I. The Period of the Penal Laws

by Dr. Sam Couch, Ph. D.
Owner, Rising Road Tours

After 1695, crushing enactments against Catholics dominated the relationship between the British crown and the Irish people. Many Catholics saved settlers during 1641, now Protestants returned the favor. By the end of the 18th century, the Penal Laws gradually were repealed, but some provisions remained in effect until the early 19th century.

To recap, provisions of the Penal Laws are listed below:

  • Religion. All Catholic parishes were left intact, but priests had to be registered. All other clergy were forced to leave the country on pain of death. No Catholic chapel could have a steeple or a bell.
  • Education. No Catholic could teach school or send their children abroad for education. This led to the formation of illegal "hedge schools" which continued into the twentieth century.
  • Social Position. All government officials, lawyers, doctors were forced to swear on oath the falsity of the Catholic religion.
  • Arms, Property, Franchise. No Catholic could bear arms or keep a horse worth more than 5 Pounds. If a Protestant saw a Catholic with a valuable horse, he could purchase it for 5 Pounds. Only if he conformed, could the eldest Catholic son inherit his father's property. No catholic could purchase land or hold a lease for more than 31 years. The vote was only allowed to people who would deny the Roman church and take Protestant communion. Later the laws directly disenfranchised all Catholics.
  • Persecution of Presbyterians. The act requiring communion under the Protestant rite was called the Test Act. Under this law Presbyterians also suffered.
  • Trade and Manufacture destroyed. Irish commerce was destroyed so that there would be no trade competition with England. Protestants suffered more than Catholics since the papist majority was hardly involved in commerce.
  • Exports forbidden. Exports to the West Indies were banned as was the export of cattle to England.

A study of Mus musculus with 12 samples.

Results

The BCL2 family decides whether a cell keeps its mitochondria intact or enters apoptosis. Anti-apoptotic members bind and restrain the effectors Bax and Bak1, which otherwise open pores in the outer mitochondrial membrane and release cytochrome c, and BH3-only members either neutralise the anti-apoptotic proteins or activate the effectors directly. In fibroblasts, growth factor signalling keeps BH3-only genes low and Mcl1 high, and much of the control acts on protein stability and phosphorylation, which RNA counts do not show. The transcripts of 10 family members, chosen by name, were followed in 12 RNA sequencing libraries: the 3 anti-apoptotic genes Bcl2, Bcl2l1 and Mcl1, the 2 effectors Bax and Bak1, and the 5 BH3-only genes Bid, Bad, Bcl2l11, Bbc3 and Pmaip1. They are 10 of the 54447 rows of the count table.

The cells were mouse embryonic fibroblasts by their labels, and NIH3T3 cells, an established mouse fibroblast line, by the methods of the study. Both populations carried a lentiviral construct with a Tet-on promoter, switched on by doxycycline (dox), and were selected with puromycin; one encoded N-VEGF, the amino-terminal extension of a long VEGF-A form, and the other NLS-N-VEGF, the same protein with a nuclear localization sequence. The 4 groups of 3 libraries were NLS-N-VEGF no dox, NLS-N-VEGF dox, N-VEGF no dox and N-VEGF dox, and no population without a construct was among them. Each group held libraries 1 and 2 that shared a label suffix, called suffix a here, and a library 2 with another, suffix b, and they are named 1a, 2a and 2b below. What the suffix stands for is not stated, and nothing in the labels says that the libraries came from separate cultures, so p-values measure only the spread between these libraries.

• Wool Trade ruined. A duty imposed on all Irish wool and on all manufactured woolen articles effectively ended the wool trade.
  • Smuggling. Wool was smuggled to France and wine, brandy and silk returned to the country. All classes of people engaged in the smuggling trade.
  • General Ruin of Manufactures. Beer, malt, hats, cotton, silk, gunpowder, ironware manufacture were destroyed by legislation.

Results of the Penal Laws included abject poverty for the rural Irish. Another outcome was the emigration of Ulster Presbyterians (mostly to New England) where they remained embittered against England. The loss of this prosperous business class dealt a heavy blow to the economy of the island. Irish trade did not recover. Until recently, i.e. the last fifteen to twenty years) there has been little manufacture and commerce in the Republic.


This series of articles is based on lectures given by Dr. Samuel Couch to Irish Studies courses at Georgia Southern University and Young Harris College between 1997 and 2004. Documented sources come from Couch's research and studies in American universities and with scholars in Ireland. The articles are in no way intended to be comprehensive.

Background materials come from, but are not limited to, readings in the following books:

Duffy, Sean, ed., Atlas of Irish History. Gill & Macmillan: Dublin. 1997.
Joyce, P.W., Outlines of the History of Ireland from the Earliest Times to 1905. M.H. Gill & Son: Dublin. 1909.
Killeen, Richard, A Short History of Ireland. Gill & Macmillan: Dublin. 1994.
Smyth, Daragh, A Guide to Irish Mythology. 2nd ed. Irish Academic Press: Dublin. 1996.

Any lack of attribution to primary sources is unintentional and the sole responsibility of Dr. Couch.